Bill Laar is a registered inspector. Write to him at The TES, Admiral House, 66-68 East Smithfield, London E1 9XY. Fax 0171-782 3200. e mail:email@example.com.
I am a former headteacher, still working in education, and a grandparent who attempts to support my grandchildren in their schooling. I would like to know how much account the Office for Standards in Education takes of the quality of lunchtime and playtime provision simply in terms of food and refreshment. Are factors such as inferior supervision, with children rushed through meals, restrictions on the refreshments that "packed lunch" children can bring, ignored as simply not important enough to be part of inspection? I don't think there is any reference to the matter in the new "improved" handbook.
There is, in fact, a passing reference to the "organisation of school meals" in the context of the promotion of the health, safety and well-being of the pupils. But the handbook leaves no doubt about the importance of children's welfare, their security, comfort and well-being.
School dinners, and their rituals, despite an occasional tendency to regard them with wry humour, play a vital part in children's welfare. For some, they may provide the only ample and nourishing food of the day. For many young children, experiencing their first prolonged separation from home these meal times may well be daunting occasions. For all children they should be, ideally, a source of anticipation and pleasure, civilised and attractive times that provide not only nourishment and refreshment but opportunity for the cultivation of relationships and mature behaviour.
In some cases school meal times are anything but this: boisterous and rushed, characterised by variable catering, a source of conflict between children; the recreational aspect limited. Schools will rightly claim of course that they are often limited in what they can do to improve some of these circumstances.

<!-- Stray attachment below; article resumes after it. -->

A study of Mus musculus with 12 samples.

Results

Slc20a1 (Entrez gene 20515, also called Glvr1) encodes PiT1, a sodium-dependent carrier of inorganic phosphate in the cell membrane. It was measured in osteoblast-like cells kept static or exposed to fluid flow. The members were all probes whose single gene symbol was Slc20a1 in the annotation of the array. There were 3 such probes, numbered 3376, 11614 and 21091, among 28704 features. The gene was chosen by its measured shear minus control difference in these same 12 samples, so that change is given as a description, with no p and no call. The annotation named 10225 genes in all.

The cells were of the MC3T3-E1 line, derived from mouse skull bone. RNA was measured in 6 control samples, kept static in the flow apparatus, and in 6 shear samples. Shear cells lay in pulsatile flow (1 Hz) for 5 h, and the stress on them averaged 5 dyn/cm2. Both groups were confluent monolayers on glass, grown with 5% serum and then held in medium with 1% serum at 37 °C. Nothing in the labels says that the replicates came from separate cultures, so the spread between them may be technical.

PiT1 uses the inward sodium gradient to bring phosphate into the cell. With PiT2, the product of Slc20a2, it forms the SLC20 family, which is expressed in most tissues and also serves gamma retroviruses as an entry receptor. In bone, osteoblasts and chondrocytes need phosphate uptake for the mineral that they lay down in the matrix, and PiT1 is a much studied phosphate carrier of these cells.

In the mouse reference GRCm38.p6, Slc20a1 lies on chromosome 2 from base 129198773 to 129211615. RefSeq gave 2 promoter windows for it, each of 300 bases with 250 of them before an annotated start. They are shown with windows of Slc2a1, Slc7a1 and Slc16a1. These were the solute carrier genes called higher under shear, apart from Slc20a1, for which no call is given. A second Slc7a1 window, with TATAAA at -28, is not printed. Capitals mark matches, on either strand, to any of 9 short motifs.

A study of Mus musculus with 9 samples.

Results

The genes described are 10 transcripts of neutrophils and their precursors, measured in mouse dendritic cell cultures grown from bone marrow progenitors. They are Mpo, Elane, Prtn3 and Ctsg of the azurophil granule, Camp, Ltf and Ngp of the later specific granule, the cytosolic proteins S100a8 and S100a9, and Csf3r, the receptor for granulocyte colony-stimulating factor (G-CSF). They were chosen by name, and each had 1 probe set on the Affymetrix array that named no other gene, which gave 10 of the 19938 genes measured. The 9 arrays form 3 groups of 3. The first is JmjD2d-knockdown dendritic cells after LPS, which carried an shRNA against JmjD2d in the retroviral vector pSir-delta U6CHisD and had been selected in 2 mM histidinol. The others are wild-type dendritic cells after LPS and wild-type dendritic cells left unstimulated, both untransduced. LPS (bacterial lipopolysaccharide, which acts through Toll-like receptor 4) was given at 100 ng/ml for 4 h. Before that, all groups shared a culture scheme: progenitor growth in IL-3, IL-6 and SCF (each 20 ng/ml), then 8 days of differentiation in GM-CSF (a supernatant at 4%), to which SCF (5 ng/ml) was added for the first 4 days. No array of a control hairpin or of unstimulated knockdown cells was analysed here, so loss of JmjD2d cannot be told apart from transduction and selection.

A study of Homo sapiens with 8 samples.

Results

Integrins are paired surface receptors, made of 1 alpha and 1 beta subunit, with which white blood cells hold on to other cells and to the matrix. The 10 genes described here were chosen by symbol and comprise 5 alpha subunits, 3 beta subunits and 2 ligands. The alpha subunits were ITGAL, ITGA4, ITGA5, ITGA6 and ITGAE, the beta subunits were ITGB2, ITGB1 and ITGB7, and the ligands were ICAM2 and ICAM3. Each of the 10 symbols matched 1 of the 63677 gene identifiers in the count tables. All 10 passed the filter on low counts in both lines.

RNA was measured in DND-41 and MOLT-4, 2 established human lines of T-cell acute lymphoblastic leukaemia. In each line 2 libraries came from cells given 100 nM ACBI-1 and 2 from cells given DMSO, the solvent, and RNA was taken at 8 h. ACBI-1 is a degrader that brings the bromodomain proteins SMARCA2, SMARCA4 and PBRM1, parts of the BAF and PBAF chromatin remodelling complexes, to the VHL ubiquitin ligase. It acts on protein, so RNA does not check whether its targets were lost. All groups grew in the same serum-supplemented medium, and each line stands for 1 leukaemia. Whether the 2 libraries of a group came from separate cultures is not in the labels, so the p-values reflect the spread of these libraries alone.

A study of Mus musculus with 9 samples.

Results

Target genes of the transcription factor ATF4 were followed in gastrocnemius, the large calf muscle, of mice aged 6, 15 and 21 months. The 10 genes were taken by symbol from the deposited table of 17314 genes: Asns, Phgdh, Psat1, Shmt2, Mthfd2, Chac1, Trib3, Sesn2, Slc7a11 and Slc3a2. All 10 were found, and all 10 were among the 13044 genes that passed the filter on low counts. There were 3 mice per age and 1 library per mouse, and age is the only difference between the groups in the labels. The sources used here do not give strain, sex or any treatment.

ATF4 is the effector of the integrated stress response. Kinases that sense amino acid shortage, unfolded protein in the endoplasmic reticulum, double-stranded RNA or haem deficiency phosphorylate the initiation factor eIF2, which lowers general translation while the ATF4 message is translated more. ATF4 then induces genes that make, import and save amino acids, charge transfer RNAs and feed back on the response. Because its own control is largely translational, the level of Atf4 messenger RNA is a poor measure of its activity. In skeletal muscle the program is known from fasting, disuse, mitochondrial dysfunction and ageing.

In what is often, admittedly, a rather cursory examination, inspectors should endeavour to make as informed judgments as possible about: * the nutritional value of meals * the hygiene, comfort and attractiveness of the environment in which the meals are prepared, served and eaten * the general pattern of menus * the extent to which supervision encourages children to eat as leisurely and adequately as possible and have sufficient drink available.
Considering the matter from the point of view of what schools might additionally do, reference to some of the suggestions you make may be helpful: * Create a tranquil and harmonious atmosphere where children do not feel harried to finish quickly.
* Make clear to supervisory staff the value of their work and their essential role in the school team - even if their wages do not always reflect this.
* Provide appropriate staff training that enables them to appreciate the importance of their relationships with the children and the ways in which these can be enhanced.
* Ensure that sufficient water is available and that children are not reduced to queueing up at a playground fountain or drinking from washroom taps.
* Give children who have packed lunches opportunity to bring carton drinks.
* Consider whether children can have water available to them in the classroom throughout the day. For some children their first chance for a drink may not occur until morning break. Consider the possibility of children having hot drinks in winter.
* lunchtimes can be an opportunity for developing children's concern and responsibility for each other.
* Give particular consideration to the recreational opportunities available to children when the meal is over.
* Provide, at least occasionally, a chance for parents and governors not only to sample the meals but to share the whole of the children's lunchtime.
It seems to me that this matter is every bit as serious as you claim. In most respects I believe schools are making significant improvements. School meals may be, in many cases, an exception to this with significant repercussions for children's wider education.